The point of origin of an earthquake is called the focus or hypocenter. It may occur anywhere from the surface to a depth of about 700 km.
A jar applied to such a point generates a series of elastic waves, which spread outward in all directions from the focus, as a series of waves will pass through a stone which is struck at blow with the hammer.
If the medium through which the waves pass is uniform, these waves will spread with equal rapidity in all directions, and will gradually lose their intensity equally in all directions from the center of disturbance.
In different earthquakes the depth of the focus shows great variations. Its depth shows a wide variance ranging from about 10 to 700 km. The epicenter or epicentral line of an earthquake is the point or line on the earth’s surface that lies directly above the focus.
It is at the epicenter that the strongest shock is normally recorded. Besides, it is at the epicenter that the waves generated by an earthquake are recorded first. If the time of arrival of the earthquake is noted at a number of places, it is possible to determine the position of the epicenter.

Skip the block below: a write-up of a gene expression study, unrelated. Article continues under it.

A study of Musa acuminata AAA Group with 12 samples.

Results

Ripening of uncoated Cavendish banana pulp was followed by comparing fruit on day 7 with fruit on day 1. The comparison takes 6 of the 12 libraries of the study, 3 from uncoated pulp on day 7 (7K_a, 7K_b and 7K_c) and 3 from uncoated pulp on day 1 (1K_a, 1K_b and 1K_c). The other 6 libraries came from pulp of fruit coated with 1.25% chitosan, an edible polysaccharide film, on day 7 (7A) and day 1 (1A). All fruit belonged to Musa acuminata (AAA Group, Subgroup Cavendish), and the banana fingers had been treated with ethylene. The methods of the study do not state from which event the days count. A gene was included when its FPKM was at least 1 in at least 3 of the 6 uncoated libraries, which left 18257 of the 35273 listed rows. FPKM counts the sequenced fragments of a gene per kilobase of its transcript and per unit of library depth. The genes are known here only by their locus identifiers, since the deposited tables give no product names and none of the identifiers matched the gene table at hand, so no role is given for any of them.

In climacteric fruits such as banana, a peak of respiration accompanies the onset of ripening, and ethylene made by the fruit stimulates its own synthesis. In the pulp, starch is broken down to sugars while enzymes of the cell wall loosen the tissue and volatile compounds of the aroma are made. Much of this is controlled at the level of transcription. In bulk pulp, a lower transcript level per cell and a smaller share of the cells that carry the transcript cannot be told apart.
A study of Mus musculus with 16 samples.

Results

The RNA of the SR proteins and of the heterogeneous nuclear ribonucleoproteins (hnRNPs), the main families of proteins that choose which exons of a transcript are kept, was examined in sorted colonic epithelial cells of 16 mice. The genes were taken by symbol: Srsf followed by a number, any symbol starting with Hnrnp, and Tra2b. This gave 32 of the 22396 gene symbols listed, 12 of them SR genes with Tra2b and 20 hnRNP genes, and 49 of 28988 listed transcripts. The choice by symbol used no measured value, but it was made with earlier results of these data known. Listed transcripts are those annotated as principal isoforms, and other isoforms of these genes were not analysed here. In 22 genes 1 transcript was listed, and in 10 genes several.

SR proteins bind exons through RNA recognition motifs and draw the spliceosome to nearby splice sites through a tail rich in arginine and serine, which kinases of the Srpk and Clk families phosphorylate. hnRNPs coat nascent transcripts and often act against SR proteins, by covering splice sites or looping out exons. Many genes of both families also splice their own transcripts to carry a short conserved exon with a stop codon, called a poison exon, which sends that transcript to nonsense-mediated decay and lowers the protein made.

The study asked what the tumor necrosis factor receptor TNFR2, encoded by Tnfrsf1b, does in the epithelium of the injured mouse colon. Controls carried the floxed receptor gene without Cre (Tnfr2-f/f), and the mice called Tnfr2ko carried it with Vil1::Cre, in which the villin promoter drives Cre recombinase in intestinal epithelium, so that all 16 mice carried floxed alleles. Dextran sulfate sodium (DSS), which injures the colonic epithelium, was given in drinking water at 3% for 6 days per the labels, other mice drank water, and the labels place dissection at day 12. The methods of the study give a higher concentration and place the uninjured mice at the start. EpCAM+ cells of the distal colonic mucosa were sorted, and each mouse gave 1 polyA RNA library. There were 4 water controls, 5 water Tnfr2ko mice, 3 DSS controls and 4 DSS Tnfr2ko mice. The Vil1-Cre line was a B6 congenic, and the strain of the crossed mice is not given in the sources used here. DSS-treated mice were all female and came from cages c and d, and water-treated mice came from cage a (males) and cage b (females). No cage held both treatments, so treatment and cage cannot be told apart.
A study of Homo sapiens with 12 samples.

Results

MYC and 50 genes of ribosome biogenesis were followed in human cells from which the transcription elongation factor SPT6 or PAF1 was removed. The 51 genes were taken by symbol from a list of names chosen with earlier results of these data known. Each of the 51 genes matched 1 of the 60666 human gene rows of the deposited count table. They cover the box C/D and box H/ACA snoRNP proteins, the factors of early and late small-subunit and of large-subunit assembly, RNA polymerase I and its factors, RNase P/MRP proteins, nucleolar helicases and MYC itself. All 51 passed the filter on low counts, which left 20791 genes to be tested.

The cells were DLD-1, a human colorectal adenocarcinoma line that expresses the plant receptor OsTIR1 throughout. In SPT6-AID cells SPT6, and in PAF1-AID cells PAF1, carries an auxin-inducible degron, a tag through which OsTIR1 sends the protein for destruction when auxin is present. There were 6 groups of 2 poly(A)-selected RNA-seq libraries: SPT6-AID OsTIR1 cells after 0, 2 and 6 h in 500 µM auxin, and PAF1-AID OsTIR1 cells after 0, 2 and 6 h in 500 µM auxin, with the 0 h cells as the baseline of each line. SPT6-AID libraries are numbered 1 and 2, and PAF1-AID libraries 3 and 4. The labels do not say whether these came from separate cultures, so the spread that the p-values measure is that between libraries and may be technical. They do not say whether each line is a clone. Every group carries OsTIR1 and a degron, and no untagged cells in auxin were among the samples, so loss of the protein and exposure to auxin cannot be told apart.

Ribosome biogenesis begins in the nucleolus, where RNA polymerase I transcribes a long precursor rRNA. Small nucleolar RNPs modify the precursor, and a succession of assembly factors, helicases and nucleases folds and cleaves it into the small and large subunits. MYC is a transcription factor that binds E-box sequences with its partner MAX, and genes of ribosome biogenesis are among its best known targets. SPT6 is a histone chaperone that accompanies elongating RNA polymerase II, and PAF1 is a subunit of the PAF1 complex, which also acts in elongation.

Lines drawn through places which were affected by the earthquake at the same point of time are called homoseismal lines. These lines are generally elliptical in shape, and the middle of the ellipse is the epicenter.
The actual place where the earthquake originates is just below the epicenter. The instrument which records the earthquake waves is called seismograph or seismometer. The science which deals with earthquakes is known as seismology.
As regards the depth of the focus, Oldham examined the records of 5605 earthquake shocks in Italy and discovered that in about 90 per cent of the earthquakes the depth of the focus was only about 8 km; about 8 per cent originated at depth between 8 and 30 km, and the rest at greater depths. It is, however, easier to find the epicenter of an earthquake than to determine the depth of the focus.